Scientists have developed a new cloak of invisibility, a.k.a. invisibility cloak, and this time a version that cloaks objects from human vision could be close at hand. In the past, we've seen stories about two-dimensional cloaks and cloaks that hide short events in time; but now, researchers at Hogwarts the University of Texas at Austin have developed a free-standing box, such that you can put an object in and it will disappear.

The cloak, described in a new paper in the New Journal of Physics, hides objects from microwave radiation, but co-author Professor Andrea Alu is confident that "in principle, this technique could be used to cloak [visible] light."

What will they do with their creation?

The first application they're looking into doesn't involve spies or aliens. The researchers, including Alu, want to cloak the tips of microscopes so that they don't get in the way of precise measurements.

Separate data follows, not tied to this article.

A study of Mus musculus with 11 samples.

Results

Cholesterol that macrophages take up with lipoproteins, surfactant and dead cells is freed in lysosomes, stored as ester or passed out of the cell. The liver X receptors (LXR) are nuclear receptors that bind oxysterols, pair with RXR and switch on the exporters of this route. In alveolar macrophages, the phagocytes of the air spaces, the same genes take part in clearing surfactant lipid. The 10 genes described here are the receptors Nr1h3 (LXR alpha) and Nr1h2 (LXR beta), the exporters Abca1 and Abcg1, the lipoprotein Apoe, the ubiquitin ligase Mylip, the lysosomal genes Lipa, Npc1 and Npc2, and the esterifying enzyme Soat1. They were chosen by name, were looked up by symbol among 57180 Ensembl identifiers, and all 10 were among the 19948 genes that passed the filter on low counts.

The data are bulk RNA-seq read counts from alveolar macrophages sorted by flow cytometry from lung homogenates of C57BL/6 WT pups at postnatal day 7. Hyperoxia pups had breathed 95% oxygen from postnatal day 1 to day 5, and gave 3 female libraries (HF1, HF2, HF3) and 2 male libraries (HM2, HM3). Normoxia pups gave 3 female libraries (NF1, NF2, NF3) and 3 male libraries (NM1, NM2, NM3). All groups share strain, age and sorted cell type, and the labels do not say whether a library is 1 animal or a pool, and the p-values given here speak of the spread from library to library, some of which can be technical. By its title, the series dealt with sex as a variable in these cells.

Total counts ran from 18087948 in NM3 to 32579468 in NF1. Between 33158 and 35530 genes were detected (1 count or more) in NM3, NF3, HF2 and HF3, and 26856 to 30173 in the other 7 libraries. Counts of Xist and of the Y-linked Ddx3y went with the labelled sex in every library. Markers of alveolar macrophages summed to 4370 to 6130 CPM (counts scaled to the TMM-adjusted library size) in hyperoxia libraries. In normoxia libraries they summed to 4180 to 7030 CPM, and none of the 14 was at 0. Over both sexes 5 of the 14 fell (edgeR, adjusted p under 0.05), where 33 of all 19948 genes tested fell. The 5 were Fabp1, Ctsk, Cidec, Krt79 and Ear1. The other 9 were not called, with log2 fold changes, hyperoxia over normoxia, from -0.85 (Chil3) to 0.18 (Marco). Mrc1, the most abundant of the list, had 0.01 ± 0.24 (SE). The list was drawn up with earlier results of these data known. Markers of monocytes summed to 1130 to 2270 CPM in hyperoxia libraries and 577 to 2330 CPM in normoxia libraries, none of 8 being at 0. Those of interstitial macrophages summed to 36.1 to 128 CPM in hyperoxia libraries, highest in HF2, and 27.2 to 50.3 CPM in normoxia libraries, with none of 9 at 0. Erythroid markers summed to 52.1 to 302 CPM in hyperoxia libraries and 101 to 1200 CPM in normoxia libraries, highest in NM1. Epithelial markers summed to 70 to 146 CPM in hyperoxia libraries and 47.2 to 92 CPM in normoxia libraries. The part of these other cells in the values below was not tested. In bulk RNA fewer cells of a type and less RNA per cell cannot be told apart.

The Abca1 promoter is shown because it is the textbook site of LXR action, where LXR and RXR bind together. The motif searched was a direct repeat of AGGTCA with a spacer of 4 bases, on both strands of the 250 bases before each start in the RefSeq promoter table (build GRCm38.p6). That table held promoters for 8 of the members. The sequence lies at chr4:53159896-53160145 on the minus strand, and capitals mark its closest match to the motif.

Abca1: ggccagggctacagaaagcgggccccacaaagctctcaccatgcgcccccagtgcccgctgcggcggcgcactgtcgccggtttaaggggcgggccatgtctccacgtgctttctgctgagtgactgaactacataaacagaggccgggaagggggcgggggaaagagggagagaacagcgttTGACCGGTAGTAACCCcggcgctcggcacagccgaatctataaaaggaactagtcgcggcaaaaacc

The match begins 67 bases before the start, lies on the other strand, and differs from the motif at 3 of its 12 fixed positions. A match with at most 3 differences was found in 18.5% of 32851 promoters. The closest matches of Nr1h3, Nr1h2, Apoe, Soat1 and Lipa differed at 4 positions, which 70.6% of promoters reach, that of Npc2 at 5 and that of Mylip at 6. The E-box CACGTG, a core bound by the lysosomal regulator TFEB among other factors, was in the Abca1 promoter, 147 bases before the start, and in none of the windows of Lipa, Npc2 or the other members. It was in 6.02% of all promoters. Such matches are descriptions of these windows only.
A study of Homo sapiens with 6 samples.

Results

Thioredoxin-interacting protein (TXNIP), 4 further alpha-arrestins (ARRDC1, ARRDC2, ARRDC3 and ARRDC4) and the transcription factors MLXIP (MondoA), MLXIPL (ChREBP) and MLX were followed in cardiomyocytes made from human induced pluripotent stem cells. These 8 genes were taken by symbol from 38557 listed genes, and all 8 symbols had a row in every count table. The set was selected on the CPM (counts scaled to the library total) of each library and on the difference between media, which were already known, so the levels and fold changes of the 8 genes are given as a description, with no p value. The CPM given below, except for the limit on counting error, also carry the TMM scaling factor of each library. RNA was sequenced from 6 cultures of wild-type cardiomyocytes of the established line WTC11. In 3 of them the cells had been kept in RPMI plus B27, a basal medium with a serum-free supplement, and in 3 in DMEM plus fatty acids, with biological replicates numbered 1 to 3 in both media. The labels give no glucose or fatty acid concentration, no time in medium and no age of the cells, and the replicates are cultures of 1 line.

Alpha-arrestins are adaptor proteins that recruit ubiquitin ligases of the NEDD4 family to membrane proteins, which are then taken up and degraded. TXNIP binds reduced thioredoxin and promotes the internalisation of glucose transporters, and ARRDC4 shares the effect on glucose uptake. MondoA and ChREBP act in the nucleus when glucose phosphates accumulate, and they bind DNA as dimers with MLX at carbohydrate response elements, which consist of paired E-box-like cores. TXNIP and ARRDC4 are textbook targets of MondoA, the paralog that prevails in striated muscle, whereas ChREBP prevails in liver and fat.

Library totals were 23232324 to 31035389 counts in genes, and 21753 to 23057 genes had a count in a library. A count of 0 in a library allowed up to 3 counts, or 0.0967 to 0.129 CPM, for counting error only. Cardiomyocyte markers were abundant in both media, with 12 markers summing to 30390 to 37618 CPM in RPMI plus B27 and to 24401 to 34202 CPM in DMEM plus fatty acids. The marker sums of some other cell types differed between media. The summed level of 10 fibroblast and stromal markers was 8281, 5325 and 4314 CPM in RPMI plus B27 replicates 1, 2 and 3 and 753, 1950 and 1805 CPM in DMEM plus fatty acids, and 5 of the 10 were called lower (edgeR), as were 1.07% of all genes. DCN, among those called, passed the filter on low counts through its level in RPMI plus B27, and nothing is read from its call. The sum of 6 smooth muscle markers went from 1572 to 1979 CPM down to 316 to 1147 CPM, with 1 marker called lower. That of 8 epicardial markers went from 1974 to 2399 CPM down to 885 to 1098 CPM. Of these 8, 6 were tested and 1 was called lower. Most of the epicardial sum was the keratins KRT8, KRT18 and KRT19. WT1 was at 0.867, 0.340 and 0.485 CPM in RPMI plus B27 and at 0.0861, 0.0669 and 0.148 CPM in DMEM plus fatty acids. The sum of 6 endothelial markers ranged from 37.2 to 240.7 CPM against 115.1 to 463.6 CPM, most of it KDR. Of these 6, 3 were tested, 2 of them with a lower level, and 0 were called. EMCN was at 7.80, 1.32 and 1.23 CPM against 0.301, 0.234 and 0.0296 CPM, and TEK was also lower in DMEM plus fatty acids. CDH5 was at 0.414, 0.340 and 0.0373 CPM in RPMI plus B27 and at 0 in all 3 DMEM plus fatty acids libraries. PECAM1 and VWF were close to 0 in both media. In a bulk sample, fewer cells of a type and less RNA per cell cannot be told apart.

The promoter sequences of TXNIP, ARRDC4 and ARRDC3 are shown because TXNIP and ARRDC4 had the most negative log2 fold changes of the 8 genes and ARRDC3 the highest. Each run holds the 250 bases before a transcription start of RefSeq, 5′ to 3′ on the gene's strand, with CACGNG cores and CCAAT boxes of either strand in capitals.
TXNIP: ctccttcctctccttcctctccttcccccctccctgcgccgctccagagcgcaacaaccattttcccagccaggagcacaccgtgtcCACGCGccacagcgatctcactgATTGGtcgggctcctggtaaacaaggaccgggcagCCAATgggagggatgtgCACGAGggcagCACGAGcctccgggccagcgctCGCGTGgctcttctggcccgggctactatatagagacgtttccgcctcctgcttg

The device works because of its use of a metamaterial—man-made materials engineered to have properties not found in natural substances—that doesn't reflect light the way ordinary objects do. According to InnovationNewsDaily,

Alu's cloak works by reflecting electromagnetic waves in a way that cancels out the waves that the object reflects. "It's kind of an interference between the two...The combination of the two becomes invisible."
The paper is optimistic for the development of even more practical cloaks: the authors say "We believe that our results pave the way to realistic, practical applications of 3D stand-alone cloaks for radar evasion and non-invasive radio frequency probing."